Landmark Flamingo tracking project underway in NamibiaFebruary 25, 2013
A black and white portrait of NamibiaFebruary 27, 2013
Alarm bells have gone off in the case of an unmanned ship which has become stranded a few kilometres north of Lüderitz in southern Namibia.
The ship, Frotamerica, which has been firmly stuck in the sands a few metres off-shore could sink or break apart from the assault of the rough ocean, and expose the pristine area which is one of Namibia’s most important bird areas, to oil pollution as well as wreckage which poses a danger to sea life there.
Within hours of breaking loose, the immense vessel ran aground on sand and rock less than 50 metres off-shore, close to the mainland beach, about 16 nautical miles north of Lüderitz.
The area which the ship is posing a pollution risk to is called !Anichab and is very close to Staple Rock and Ichaboe Island, situated within the only Marine Protected Area in Namibia.
Ichaboe Island, situated close to the vessel, is one of Namibia’s most important bird islands and marine mammal sanctuaries. Staple Rock is an important seal colony and the entire area was proclaimed as a Marine Protected Area in a landmark conservation move in 2009.
The hulking 193 metre, 35 000 ton vessel was ripped from it’s moorings on Friday 15 February, after a strong south-westerly wind broke loose from a tug boat which reportedly was on it’s way from Brazil to India to sell the ship for wreckage material.
Attempts to retrieve the large vessel and tow it back to the Lüderitz harbour were aborted due to the difficult weather conditions.
Some mystery surrounds the unmanned vessel, which broke loose from within the port limits in Lüderitz harbour. It had been there for more than a week and it is reported that following a crew change, the new captain of the ship vanished into thin air. Various rumours are circulating about his unsolved disappearance.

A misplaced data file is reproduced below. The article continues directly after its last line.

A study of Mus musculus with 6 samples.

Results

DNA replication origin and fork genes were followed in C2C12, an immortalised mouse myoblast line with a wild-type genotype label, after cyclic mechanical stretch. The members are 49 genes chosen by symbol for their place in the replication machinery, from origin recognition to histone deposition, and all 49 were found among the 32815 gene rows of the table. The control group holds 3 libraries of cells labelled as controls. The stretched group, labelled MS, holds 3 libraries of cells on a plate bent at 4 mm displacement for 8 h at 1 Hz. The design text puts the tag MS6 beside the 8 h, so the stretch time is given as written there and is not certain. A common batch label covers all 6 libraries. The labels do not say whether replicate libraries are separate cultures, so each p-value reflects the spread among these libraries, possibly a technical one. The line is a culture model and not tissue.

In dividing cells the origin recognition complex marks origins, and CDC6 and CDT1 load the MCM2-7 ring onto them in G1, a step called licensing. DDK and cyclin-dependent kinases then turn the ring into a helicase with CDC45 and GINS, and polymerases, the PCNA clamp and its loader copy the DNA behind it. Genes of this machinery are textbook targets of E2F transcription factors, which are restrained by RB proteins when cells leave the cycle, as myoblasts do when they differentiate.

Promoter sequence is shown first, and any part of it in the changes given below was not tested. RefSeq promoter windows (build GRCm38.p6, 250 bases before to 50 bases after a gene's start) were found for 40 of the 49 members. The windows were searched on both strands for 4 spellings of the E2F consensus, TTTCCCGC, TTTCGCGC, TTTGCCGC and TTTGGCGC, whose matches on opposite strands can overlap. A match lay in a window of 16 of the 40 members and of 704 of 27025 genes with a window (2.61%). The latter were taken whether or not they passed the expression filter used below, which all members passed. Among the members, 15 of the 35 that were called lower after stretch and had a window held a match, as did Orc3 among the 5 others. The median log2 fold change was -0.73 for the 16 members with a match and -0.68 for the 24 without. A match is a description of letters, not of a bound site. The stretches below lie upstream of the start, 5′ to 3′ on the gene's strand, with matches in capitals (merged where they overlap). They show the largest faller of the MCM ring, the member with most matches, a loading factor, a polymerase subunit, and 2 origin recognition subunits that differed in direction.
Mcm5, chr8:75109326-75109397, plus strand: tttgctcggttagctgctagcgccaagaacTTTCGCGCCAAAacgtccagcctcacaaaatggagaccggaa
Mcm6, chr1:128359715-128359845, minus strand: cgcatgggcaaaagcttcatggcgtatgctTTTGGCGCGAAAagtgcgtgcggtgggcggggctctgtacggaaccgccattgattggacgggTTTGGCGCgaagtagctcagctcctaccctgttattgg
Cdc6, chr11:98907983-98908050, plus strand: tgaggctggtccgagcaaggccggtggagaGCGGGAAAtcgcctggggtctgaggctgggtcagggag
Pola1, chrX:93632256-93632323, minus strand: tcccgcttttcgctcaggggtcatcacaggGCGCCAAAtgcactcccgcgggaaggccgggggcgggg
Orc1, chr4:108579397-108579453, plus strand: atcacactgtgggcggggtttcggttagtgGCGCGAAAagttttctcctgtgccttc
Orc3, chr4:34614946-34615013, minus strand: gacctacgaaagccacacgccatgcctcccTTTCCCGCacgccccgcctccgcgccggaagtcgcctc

The main worry for “Buchters” (as the residents of the town are sometimes affectionally called) is that an inspection during the past two days revealed that the vessel was taking on water in the engine room and that the bilges were full of dirty water topped up with oil from tanks in the ship.
Reports that the ship had sunk in recent days were dismissed. The biggest fear is that the ship might start breaking apart when the next big swell smashes against it’s frail skeleton.
- Ichaboe island is home to the largest Cape Gannet colony in Namibia
- The Cape Gannet is an endangered species with only six colonies left in the world.
- Three are in South Africa and three in Namibia
- The Namibian population has been reduced by 94% in the last 40 years
- The Bank Cormorant is endangered.
- Ichaboe Island was once the largest colony of this species with about 5 000 breeding pairs
- The population crashed there in the mid-1990’s from about 5 000 paris in 1993/94 to about 200 pairs now.
- The Cape Cormorant which is is still today our most abundant seabird, is to be reclassified as endangered.
- The reason for this is that its population has declined by more than half in the last 30 years or so.
African penguin (Spheniscus demersus)
- African penguin was recently listed as an endangered species on the Red Data List.
- Also known as the black-footed penguin, or jackass penguin for its loud braying call
- Endemic to the coast and off-shore islands surrounding southern Africa.
- In the 1990’s the total population of African penguins was estimated to be around 2 million
- The 2010 population census revealed that the African penguin population had been reduced to 21 000 breeding pairs.
Photos of Frotamerica copyright of Jean-Paul Roux.